The blind fighting the blind by David Atkins

The blind fighting the blind
by David Atkins ("thereisnospoon")

Of all the darkly comic notes in this New York Times story about S&P's defense of its downgrade of U.S. debt, the darkest and most droll is almost certainly this:

As early as April, S.& P. had changed its credit outlook on the United States to negative. By July, S.& P. warned that if the government did not agree to a deficit reduction package of about $4 trillion, there was a one-in-two chance a downgrade.

Still Treasury officials claim they were taken by surprise on Wednesday. Just the day before, Ms. Miller and her team met at the Hay-Adams Hotel with a group of senior Wall Street executives who advise the Treasury on its borrowing. None of the members believed that the government’s credit rating would be lowered in the near-term.

On Thursday, the ratings agency informed the Treasury that its seven-person panel would meet Friday morning to assess the creditworthiness of the United States government.

Even then, one administration official said, “We didn’t think they would actually do it.”

It's hard to know whether to laugh or to cry here. Please forgive me if I quote myself yet again, this time from just two days ago:

The fact is that S&P, for whatever reason—be it political, economic, corrupt or some combination thereof—has desperately wanted to downgrade U.S. debt for months. First came the clearly unfeasible demand that the U.S. cut $4 trillion in spending while eliminating all the Bush tax cuts, even on the middle class. Then came the austerity bill, which was put in place over the top of a snookered public precisely to avoid a credit downgrade. Then came the threat to downgrade our credit anyway. Then came the admission of their $2 trillion accounting error in making the threat. And then came the downgrade in spite of it all. Let’s be clear: S&P was always going to make this move, no matter what we did. The austerity bill was thus an utterly pointless exercise to appease a ratings agency acting in bad faith.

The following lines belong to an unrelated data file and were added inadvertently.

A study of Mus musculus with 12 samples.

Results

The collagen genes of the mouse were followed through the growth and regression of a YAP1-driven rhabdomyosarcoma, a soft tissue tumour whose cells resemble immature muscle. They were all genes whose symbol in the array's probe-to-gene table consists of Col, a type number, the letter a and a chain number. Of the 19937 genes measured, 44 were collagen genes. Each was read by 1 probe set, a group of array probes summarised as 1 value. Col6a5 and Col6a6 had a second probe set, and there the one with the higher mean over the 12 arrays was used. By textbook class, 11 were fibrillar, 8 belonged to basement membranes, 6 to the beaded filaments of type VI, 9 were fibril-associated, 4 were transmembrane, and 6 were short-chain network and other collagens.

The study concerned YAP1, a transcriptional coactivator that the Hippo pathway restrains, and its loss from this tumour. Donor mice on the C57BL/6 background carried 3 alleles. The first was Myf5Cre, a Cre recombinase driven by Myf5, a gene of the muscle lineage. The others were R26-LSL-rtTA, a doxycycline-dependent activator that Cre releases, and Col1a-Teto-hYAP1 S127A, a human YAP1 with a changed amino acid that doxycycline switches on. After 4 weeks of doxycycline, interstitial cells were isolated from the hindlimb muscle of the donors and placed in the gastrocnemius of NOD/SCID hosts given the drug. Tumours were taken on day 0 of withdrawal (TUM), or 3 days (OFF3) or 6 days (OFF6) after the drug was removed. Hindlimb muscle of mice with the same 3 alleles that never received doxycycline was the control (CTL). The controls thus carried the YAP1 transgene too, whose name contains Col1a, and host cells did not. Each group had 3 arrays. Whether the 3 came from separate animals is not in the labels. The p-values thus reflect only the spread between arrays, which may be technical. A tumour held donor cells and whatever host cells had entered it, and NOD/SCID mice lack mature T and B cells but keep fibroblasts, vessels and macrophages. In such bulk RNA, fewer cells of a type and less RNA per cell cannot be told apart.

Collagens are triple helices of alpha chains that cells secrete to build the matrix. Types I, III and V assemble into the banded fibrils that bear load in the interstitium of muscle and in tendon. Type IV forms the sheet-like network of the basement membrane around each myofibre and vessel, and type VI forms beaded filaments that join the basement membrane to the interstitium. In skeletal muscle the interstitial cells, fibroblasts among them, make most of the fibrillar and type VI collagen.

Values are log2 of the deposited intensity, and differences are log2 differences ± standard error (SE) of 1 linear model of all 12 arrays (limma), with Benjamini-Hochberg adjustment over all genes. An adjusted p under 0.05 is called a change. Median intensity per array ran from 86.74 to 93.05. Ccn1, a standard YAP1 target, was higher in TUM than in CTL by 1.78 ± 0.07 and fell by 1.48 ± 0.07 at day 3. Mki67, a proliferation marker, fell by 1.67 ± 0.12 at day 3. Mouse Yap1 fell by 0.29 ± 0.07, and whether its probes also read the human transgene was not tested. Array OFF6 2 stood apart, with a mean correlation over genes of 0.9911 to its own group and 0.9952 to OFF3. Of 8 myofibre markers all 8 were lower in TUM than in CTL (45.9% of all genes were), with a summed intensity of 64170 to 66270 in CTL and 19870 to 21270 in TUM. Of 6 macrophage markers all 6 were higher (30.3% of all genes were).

And yet the Treasury Department claims to have been taken aback at the downgrade, in yet another "no one could have predicted" moment, Obama Administration edition.

S&P couldn't have predicted that the GOP would scuttle ending the Bush tax cuts, even though anyone to the left of Joe Lieberman could easily have predicted it. And then Tim Geithner and friends couldn't have predicted S&P's obvious move, even though anyone paying close attention could have predicted that, too.

If this is a all a kabuki conspiracy, it's the best acted Vaudeville farce of all time. The other alternative is to concede that we're governed by drooling idiots in Wall St. and Washington alike, largely because anybody with a clue about what's really going on is relegated to the sidelines and not allowed anywhere near real policy decisions.

Neoliberalism and free market fundamentalism are both used up, obviously failed dead ends in the world of ideas. Yet the proponents of these ideologies both cling desperately to their beliefs, fighting for control of Washington like two people fighting desperately for an inner-tube as they fall out of a doomed airplane, confident that their preferred version of the same policies will save them from certain death. Meanwhile, progressives have all the parachutes, but are strapped, helpless and curiously irrelevant, into the plane as it careens inevitably into the mountains ahead.

And all the clueless media can do is report on who's winning the seesaw battle for the useless inner-tube, while moaning about how they could both be saved if only they would learn to share it like nice little children.